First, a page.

This week, we’re focusing on livable green home design. Decorating the inside of your home with cool, stylish, eco-friendly products is a smart step for everyone, no matter whether they’re in an urban apartment or a rural rancher. But if you’re about to build your own home, giving a little thought to green design takes the beauty of green to a whole new level.
Building a sustainable home isn’t just about more insulation and better windows. A truly green home takes in the whole picture. You can make any house more energy efficient, and you can decorate any home in sustainable style, but if you’re dreaming of building from scratch, why not dream in green? Starting with sustainable materials and green home design are key elements of course. But there are a few elemental choices that should be considered as well; some of these hints can even help green-up an existing structure. Take a look!
No matter what your location, there are parts of your building site that gets more sunshine than others. Be smart about the way you orient your home – in cooler climates, face windows toward the sunny side to gather more energy and warmth to contribute to winter heating (and natural light). Consider how you’ll arrange living spaces to take advantage of that light as well. This is also a great time to think about solar panels.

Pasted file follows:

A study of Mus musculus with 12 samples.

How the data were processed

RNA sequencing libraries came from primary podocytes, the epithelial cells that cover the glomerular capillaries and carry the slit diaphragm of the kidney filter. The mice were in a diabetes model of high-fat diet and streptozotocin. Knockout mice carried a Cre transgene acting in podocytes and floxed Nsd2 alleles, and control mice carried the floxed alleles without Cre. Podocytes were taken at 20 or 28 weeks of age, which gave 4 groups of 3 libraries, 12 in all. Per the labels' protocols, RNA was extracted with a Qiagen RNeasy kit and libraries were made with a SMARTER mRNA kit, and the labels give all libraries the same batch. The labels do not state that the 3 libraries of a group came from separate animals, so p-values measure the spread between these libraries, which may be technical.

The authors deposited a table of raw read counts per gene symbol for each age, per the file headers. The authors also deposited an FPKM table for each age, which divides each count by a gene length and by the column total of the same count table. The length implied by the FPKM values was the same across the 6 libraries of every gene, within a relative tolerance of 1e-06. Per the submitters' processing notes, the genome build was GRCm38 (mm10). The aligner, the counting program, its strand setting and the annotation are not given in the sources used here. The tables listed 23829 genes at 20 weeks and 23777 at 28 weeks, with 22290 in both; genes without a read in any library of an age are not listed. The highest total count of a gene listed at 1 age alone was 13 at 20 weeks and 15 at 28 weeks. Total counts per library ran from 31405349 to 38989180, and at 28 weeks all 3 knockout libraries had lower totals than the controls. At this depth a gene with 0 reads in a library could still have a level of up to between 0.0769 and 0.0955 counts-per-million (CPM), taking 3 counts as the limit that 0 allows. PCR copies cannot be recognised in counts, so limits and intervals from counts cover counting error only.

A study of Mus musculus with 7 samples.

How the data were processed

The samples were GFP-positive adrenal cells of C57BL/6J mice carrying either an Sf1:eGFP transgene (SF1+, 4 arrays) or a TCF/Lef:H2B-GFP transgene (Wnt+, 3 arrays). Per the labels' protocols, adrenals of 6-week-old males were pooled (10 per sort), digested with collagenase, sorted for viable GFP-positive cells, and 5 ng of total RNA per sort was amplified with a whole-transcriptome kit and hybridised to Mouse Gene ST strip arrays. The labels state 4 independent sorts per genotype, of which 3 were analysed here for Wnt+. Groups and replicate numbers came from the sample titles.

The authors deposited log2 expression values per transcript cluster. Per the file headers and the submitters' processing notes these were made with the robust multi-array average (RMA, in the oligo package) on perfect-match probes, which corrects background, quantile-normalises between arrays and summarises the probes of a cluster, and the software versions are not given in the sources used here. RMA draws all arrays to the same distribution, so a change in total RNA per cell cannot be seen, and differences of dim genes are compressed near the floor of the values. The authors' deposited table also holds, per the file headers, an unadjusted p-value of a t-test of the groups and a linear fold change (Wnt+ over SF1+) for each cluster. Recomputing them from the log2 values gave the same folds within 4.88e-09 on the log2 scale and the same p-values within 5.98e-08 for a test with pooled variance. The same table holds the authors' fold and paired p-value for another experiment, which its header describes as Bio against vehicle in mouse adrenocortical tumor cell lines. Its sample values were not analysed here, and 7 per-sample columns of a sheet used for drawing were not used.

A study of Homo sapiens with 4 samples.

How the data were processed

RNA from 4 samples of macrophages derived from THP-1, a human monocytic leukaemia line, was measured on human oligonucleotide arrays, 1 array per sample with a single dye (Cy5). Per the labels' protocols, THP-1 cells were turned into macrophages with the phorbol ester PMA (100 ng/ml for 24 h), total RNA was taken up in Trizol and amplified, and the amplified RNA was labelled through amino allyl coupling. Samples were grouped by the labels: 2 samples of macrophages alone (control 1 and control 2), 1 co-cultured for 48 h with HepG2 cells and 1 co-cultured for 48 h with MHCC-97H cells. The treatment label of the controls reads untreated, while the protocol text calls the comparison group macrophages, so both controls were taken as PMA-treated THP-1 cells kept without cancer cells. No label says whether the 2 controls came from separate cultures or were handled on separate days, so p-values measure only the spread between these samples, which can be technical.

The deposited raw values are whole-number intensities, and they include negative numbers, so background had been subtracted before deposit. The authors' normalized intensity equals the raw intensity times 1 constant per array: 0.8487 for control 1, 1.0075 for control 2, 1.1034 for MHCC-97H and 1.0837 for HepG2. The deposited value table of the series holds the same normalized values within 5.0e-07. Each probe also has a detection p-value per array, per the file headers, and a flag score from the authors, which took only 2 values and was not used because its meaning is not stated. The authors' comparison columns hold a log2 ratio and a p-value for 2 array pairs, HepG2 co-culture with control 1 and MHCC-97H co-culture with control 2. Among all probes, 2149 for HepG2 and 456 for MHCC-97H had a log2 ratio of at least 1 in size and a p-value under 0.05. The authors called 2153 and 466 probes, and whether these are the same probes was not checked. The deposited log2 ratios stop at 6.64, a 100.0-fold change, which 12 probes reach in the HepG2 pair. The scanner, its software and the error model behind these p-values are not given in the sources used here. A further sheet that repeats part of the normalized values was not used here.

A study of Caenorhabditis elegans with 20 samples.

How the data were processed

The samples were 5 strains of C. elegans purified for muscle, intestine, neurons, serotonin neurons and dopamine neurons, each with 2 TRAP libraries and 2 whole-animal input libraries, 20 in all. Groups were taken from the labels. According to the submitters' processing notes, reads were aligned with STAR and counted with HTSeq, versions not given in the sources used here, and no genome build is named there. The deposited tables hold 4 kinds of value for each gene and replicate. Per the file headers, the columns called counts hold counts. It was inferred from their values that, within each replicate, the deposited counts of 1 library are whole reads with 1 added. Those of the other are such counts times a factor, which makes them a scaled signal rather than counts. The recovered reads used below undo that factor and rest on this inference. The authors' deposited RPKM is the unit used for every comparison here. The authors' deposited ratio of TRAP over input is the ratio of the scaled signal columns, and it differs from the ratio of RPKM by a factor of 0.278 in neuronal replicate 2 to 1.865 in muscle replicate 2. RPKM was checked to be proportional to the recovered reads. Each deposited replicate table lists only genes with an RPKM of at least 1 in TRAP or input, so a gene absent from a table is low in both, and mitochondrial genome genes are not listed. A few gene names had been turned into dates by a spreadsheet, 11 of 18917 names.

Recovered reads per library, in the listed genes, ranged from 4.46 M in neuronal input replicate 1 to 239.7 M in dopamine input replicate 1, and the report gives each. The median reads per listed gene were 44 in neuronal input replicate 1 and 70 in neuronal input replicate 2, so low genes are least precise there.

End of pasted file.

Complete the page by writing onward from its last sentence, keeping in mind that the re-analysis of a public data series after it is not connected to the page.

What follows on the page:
In warmer climates or summer time, those same sunny windows can be a liability that makes your air conditioner work harder than it needs to. Using insulated and reflective windows will help, but take it a step farther with smart shading. In winter, the sun’s angle is lower, while in summer, the higher angle allows overhangs, awnings to block the harshest sun. Add deciduous trees and you’ll have warm sun in winter and cool shade in summer. Now that’s smart!
Wind chill doesn’t just affect humans, it hits houses, too. Windows and doors are the biggest culprits, so place them away from winter winds. The windiest side is a great place to locate utility rooms, garages, closets and other places where windows and natural light aren’t important. Another trick is to create a wind block with an earth berm and a thick stand of evergreen landscaping to help reduce how much wind hits the house.
The tiny house trend is big for a reason. Smaller houses use less energy. Done right, a smaller home can actually be more livable than a larger one. Most big houses are full of underutilized space. Think about your daily life and exactly how you use your space and design your home to meet those needs. Are there spaces in your current home that you rarely use but are heating and cooling anyway? Design for the life you live.